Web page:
Performance Test – SortedDictionary vs Dictionary vs Map vs Array

I stumbled upon this interesting question on StackOverflow today, Jon Harrop’s answer mentions a significant overhead in adding and iterating over a SortedDictionary and Map compared to using simple arrays.

Thinking about it, this makes sense, the SortedDictionary class sorts its constituent key-value pairs by key, which will naturally incur some performance overhead.

F#’s Map construct on the other hand, is immutable, and adding an item to a Map returns the resulting Map – a  new instance of Map which includes all the items from the original Map instance plus the newly added item. As you can imagine, this means copying over a lot of data when you’re working with a large map which is an obvious performance hit.

This is a similar problem to using List.append ( or equivalently using the @ operator ) on lists as it also involves copying the data in the first list, more on that on another post.

Anyhow, the question piqued my interest and I had to test it out and get some quantitative numbers for myself, and I was also interested in seeing how the standard Dictionary class does compared to the rest. :-)

The test code is very simple, feel free to take a look here and let me know if them are unfair in any way. In short, the test was to add 1,000,000 items and then iterate over them with each type of construct and record the time each step took.

The results are below, the times are recorded in seconds, averaged over 5 runs.


Aside from the fact that the Map construct did particularly poorly in these tests, it was interesting to see that initializing a Dictionary instance with sufficient capacity to begin with allowed it to perform twice as fast!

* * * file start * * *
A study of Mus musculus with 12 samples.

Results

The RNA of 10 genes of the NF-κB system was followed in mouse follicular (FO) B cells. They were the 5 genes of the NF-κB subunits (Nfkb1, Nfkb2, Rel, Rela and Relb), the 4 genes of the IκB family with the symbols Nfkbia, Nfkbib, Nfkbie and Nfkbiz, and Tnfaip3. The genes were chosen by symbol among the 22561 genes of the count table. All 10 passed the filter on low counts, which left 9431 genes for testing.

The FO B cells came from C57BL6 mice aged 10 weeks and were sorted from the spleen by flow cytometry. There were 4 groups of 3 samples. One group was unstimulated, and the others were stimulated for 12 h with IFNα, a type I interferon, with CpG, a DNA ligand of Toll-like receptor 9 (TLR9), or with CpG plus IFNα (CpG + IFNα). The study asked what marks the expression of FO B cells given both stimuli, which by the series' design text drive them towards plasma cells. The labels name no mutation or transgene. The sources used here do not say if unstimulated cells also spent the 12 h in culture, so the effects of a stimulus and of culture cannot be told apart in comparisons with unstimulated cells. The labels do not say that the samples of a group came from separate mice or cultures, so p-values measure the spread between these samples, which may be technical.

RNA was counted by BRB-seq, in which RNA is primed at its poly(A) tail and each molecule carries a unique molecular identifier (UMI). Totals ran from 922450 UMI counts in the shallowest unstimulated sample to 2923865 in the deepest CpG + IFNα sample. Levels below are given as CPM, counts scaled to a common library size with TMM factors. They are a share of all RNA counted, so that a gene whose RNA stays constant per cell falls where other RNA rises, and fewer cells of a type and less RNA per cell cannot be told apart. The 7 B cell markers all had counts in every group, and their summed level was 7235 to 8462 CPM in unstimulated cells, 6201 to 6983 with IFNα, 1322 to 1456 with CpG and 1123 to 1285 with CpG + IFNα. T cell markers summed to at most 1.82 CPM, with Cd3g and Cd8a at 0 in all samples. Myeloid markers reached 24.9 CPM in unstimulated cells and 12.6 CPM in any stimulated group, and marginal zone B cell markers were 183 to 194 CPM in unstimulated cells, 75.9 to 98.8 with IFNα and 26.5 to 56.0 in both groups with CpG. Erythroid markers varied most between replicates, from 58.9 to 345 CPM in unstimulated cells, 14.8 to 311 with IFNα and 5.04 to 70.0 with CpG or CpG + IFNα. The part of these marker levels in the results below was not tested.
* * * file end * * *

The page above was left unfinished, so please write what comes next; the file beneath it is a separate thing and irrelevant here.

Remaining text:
To understand where that performance boost came from, you need to understand that a Dictionary uses an internal array of entry objects (see below) to keep track of what’s in the dictionary:


When that internal array fills up, it replaces the array with a bigger array and the size of the new array is, roughly speaking, the smallest prime number that’s >= current capacity times 2, even though the implementation only uses a cached array of 72 prime numbers 3, 7, 11, 17, 23, 29, 37, 47, … 7199369.

So when I initialized a Dictionary without specifying its capacity (hence capacity = 0) and proceed to add 1 million items it will have had to resize its internal array 18 times, causing more overhead with each resize.

Closing thoughts…

Again, these results should be taken at face value only, it doesn’t mean that you should never use Map because it’s slower than the other structures for additions and iterations, or that you should start replacing your dictionaries with arrays…

Instead, use the right tool for the right job.

If you’ve got a set of static data (such as configuration data that’s loaded when your application starts up) you need to look up by key frequently, a Map is as good a choice as any, its immutability in this case ensures that the static data cannot be modified by mistake and has little impact to performance as you never need to mutate it once initialized.


I’m an AWS Serverless Hero and the author of Production-Ready Serverless. I have run production workload at scale in AWS for nearly 10 years and I have been an architect or principal engineer with a variety of industries ranging from banking, e-commerce, sports streaming to mobile gaming. I currently work as an independent consultant focused on AWS and serverless.